Migraines: new NHS treatment for 'debilitating' condition which dissolves under tongue
Migraine charity says the treatment offers a 'new hope'
Rimegepant has been recommended for adults who cannot take other medicines or do not respond to them.
Health experts say around 13,000 people will benefit, and a migraine charity said it brought "new hope" for those suffering from the side effects.
The National Institute for Health and Care Excellence (Nice) said its final draft guidance on Rimegepant “addresses the high unmet need for treatment options for acute migraine”.
Side effects of migraines range from vomiting to light sensitivity and sight problems, and attacks can last for up to three days.
Around one in seven people are affected by migraines - they are more common in women than men, and mostly affect people aged 35 to 45.
Rimegepant, also known as Vydura and made by Pfizer, will be available to adults who have tried at least two triptans – medication usually given to tackle headaches or migraines – but found they did not work well enough.
It can also be administered to those who are not able to take triptans or have an intolerance, or patients who have tried nonsteroidal anti-inflammatory drugs (NSAIDs) and paracetamol.
Helen Knight, director of medicines evaluation at Nice, said: “Migraine is a condition described in comments to Nice from carers and people with migraine as an invisible disability that affects all aspects of life including work, education, finances, mental health, social activities and family.
“Today’s final draft guidance addresses the high unmet need for treatment options for acute migraine, once again demonstrating our ability to ensure clinically and cost-effective medicines are available to those who need them as quickly as possible.”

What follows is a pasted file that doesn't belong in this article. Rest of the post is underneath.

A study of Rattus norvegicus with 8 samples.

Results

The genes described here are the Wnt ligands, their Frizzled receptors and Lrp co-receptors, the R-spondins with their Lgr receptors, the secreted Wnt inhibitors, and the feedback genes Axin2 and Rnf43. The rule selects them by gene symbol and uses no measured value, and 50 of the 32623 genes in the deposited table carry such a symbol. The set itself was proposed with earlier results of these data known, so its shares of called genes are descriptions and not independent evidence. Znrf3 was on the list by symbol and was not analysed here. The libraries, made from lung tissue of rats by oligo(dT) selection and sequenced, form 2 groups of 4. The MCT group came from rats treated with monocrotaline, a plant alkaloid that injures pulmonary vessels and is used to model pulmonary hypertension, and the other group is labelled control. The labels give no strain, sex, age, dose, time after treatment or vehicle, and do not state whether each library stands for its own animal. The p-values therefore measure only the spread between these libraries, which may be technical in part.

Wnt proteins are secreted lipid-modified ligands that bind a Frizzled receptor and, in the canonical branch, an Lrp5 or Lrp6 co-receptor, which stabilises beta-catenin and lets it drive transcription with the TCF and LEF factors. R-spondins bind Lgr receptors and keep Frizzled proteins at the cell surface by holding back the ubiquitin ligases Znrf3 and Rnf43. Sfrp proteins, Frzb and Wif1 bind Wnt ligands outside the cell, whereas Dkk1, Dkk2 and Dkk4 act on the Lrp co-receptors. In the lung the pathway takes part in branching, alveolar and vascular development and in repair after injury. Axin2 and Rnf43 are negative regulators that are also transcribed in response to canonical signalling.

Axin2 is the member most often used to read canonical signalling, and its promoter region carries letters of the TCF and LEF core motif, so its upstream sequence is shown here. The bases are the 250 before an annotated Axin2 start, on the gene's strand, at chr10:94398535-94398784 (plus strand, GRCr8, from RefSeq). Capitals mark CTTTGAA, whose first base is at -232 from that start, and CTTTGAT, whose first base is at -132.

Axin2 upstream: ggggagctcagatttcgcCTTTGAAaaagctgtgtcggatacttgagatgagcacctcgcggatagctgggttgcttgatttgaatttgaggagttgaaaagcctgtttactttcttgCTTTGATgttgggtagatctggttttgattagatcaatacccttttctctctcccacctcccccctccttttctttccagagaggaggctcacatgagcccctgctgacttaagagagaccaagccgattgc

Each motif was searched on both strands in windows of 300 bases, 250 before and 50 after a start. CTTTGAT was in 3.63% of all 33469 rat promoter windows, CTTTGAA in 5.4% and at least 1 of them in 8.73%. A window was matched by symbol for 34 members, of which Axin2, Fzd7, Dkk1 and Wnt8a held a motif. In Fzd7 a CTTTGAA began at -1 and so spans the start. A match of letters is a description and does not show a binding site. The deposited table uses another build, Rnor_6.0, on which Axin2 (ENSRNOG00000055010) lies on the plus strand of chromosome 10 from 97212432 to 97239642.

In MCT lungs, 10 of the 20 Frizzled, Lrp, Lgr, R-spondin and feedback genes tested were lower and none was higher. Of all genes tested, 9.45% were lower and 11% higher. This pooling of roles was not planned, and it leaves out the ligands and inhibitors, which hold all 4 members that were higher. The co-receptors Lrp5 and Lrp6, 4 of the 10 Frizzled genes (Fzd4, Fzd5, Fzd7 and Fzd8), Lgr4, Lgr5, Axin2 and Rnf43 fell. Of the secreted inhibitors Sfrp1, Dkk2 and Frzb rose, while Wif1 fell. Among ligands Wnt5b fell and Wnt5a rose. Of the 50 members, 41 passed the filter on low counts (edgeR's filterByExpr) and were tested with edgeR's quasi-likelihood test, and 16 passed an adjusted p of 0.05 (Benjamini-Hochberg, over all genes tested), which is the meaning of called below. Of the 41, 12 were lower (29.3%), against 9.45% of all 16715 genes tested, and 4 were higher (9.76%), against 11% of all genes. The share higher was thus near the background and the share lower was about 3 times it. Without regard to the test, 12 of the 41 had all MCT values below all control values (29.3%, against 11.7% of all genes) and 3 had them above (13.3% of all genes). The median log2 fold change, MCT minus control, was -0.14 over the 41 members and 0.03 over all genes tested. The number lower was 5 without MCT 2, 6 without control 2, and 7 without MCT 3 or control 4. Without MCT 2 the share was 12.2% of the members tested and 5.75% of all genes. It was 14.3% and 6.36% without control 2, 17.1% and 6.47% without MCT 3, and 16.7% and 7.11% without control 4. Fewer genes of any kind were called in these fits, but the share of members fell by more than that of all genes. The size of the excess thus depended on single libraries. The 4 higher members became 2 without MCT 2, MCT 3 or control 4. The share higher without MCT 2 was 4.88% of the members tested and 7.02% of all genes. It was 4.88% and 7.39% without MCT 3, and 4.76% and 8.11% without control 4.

Rimegepant is taken as a wafer, which dissolves under the tongue and works by stopping the release of a protein around the brain called calcitonin gene-related peptide.
In July, the medicine was recommended as an option for preventing episodic migraine in adults who have at least four and fewer than 15 attacks per month if “at least” three other treatments have not worked.
Under the latest guidance, it will also be used to relieve symptoms of a migraine, which can include pain, nausea and sensitivity to light, but also painless symptoms such as temporary visual disturbances known as “aura”, which Nice said “is not well managed with existing treatments”.
Ms Knight added: “This is the first and only Nice-recommended medicine that can help alleviate the misery of acute migraines, and may be considered a step change in treatment.”
Robert Music, chief executive of The Migraine Trust, said the Nice guidance “provides people with migraine valuable options to help reduce the pain and length of a migraine attack”.
“It brings new hope,” he added. “It will especially benefit those who have not found a treatment that works, those who get debilitating side effects – including medicine overuse headache – from them, and those with cardiovascular disease who cannot take existing treatments.
“Migraine is an incredibly misunderstood condition that can have a significant impact on all areas of life, including ability to work, maintain relationships and mental health.”